If you are plugged in to the ME/CFS social media world, you may be aware of a proposed contract between Health and Human Services [HHS] and the Institute of Medicine (IOM) to recommend clinical diagnostic criteria for ME/CFS. Some oppose this move. Before we weigh in on the discussion, it is important to provide some context.
Any work the Solve ME/CFS Initiative engages in is bench-marked against our mission, to make ME/CFS understood, diagnosable and treatable. One of our core strategies is to accelerate discovery of safe and effective treatments; this helps guide our priorities.
The Chronic Fatigue Syndrome Advisory Committee (CFSAC) provides advice and recommendations to the Secretary of HHS through the Office of the Assistant Secretary for Health (OASH) on issues related to ME/CFS. Currently, the highest recommendation is to: “promptly convene (by 12/31/12 or as soon as possible thereafter) at least one stakeholders’ (ME/CFS experts, patients, advocates) workshop in consultation with CFSAC members to reach a consensus for a case definition useful for research, diagnosis and treatment of ME/CFS beginning with the 2003 Canadian Consensus Definition for discussion purposes.”
To act on this recommendation, OASH intends to issue a contract to the IOM to establish a study committee of thought leaders and stakeholders to comprehensively evaluate the current status of criteria for the diagnosis of ME/CFS. In other words, to recommend clinical diagnostic criteria. A report from an expert IOM committee could provide the authoritative guidance needed to generate clinical diagnostic evidence.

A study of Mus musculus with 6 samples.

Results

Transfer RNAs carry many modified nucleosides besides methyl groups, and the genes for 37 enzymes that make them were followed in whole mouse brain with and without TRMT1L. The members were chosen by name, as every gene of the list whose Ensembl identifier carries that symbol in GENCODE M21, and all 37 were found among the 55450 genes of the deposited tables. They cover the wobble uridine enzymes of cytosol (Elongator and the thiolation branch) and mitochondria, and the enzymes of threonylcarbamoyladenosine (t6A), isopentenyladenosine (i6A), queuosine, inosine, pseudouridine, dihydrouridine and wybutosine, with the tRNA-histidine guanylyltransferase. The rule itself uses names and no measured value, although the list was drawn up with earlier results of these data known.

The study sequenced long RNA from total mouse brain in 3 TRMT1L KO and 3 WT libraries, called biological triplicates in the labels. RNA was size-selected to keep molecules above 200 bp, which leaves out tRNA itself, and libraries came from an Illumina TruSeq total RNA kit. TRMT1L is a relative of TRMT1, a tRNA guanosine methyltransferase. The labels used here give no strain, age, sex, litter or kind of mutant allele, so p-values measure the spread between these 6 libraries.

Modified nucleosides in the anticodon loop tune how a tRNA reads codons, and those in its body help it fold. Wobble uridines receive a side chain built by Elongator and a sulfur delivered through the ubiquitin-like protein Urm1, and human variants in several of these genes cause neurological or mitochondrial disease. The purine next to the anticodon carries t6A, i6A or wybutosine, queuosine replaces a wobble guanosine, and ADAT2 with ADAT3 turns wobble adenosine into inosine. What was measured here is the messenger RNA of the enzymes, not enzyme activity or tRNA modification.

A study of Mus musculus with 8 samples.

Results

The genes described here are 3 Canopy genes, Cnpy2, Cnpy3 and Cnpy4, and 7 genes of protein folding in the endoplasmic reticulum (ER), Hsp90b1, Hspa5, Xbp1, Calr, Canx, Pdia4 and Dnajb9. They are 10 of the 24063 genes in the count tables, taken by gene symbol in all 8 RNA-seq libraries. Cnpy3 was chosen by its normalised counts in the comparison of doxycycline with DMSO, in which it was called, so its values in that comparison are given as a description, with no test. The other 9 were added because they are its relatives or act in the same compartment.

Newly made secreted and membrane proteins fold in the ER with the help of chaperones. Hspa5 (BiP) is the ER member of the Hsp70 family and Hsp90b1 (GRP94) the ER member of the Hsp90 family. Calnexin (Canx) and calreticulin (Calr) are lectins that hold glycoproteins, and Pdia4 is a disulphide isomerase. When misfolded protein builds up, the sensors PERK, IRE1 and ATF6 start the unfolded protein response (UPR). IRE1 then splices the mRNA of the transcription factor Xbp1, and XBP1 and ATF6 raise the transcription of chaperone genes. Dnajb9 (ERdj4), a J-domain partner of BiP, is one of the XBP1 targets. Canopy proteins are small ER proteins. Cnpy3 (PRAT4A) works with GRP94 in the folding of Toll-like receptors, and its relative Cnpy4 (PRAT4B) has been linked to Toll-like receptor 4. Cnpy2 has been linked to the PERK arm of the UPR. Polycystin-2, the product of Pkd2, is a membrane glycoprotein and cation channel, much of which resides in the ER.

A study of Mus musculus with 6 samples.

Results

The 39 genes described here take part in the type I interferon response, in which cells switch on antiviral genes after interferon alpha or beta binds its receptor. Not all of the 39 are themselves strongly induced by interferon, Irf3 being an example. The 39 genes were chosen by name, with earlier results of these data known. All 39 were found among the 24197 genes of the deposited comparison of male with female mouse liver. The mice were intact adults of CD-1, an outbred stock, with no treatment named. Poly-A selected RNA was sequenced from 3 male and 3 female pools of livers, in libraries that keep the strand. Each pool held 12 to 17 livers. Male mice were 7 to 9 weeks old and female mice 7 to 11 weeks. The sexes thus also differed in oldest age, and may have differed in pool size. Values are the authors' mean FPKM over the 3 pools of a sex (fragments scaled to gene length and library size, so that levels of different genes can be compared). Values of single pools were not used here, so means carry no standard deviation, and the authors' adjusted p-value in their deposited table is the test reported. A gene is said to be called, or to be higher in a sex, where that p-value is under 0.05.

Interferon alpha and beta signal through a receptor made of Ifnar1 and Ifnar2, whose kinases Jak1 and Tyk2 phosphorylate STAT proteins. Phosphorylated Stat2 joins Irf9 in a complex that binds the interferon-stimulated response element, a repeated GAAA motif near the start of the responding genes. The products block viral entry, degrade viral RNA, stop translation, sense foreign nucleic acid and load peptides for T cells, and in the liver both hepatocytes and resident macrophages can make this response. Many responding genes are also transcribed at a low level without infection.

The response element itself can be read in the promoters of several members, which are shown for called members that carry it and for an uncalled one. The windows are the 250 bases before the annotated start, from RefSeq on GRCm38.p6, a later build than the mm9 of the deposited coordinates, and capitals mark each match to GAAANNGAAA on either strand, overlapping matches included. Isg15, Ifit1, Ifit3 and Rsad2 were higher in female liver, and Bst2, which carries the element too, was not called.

The Solve ME/CFS Initiative considers clinical diagnostic criteria to clinically define ME/CFS a monumental and valuable undertaking. Any such effort should establish a committee consistent with the CFSAC recommendation; i.e. composed of experts in ME/CFS, with input from ME/CFS patients and advocates, which can assess the evidence in an unbiased, balanced and objective manner in order to comprehensively evaluate the current diagnostic criteria and make recommendations for operationalization and validation. Should the contract be awarded to the IOM, the Solve ME/CFS Initiative is committed to actively calling for the IOM to establish a committee that is in line with the CFSAC recommendation.
The Solve ME/CFS Initiative believes that any review of current clinical diagnostic criteria should include requirements to validate and operationalize the Canadian criteria . Further, the clinical case definition must be useful in primary care as well as tertiary care settings. Diagnostic criteria that define core symptoms will increase the diagnostic certainty, increase the likelihood of identification and validation of biomarkers and can provide the guidance needed to develop safe and effective treatments for ME/CFS – which is central to our mission to make ME/CFS understood, diagnosable and treatable.
ME/CFS patients are severely ill and urgent action is required. Development of gold standard diagnostic criteria would help address several of the highest recommendations from the CFSAC in the areas of research, education and policy. Objective diagnostic criteria that can reliably define the core symptoms is an important step towards the identification of the causes and cures of ME/CFS.
 Carruthers BM, Jain AK, DeMeirleir KL, Peterson DL, Klimas NG. Myalgic Encephalomyelitis/chronic fatigue syndrome: Clinical working case definition, diagnostic and treatments protocols. J. Chronic Fatigue Syndr. 2003 11: 7-115.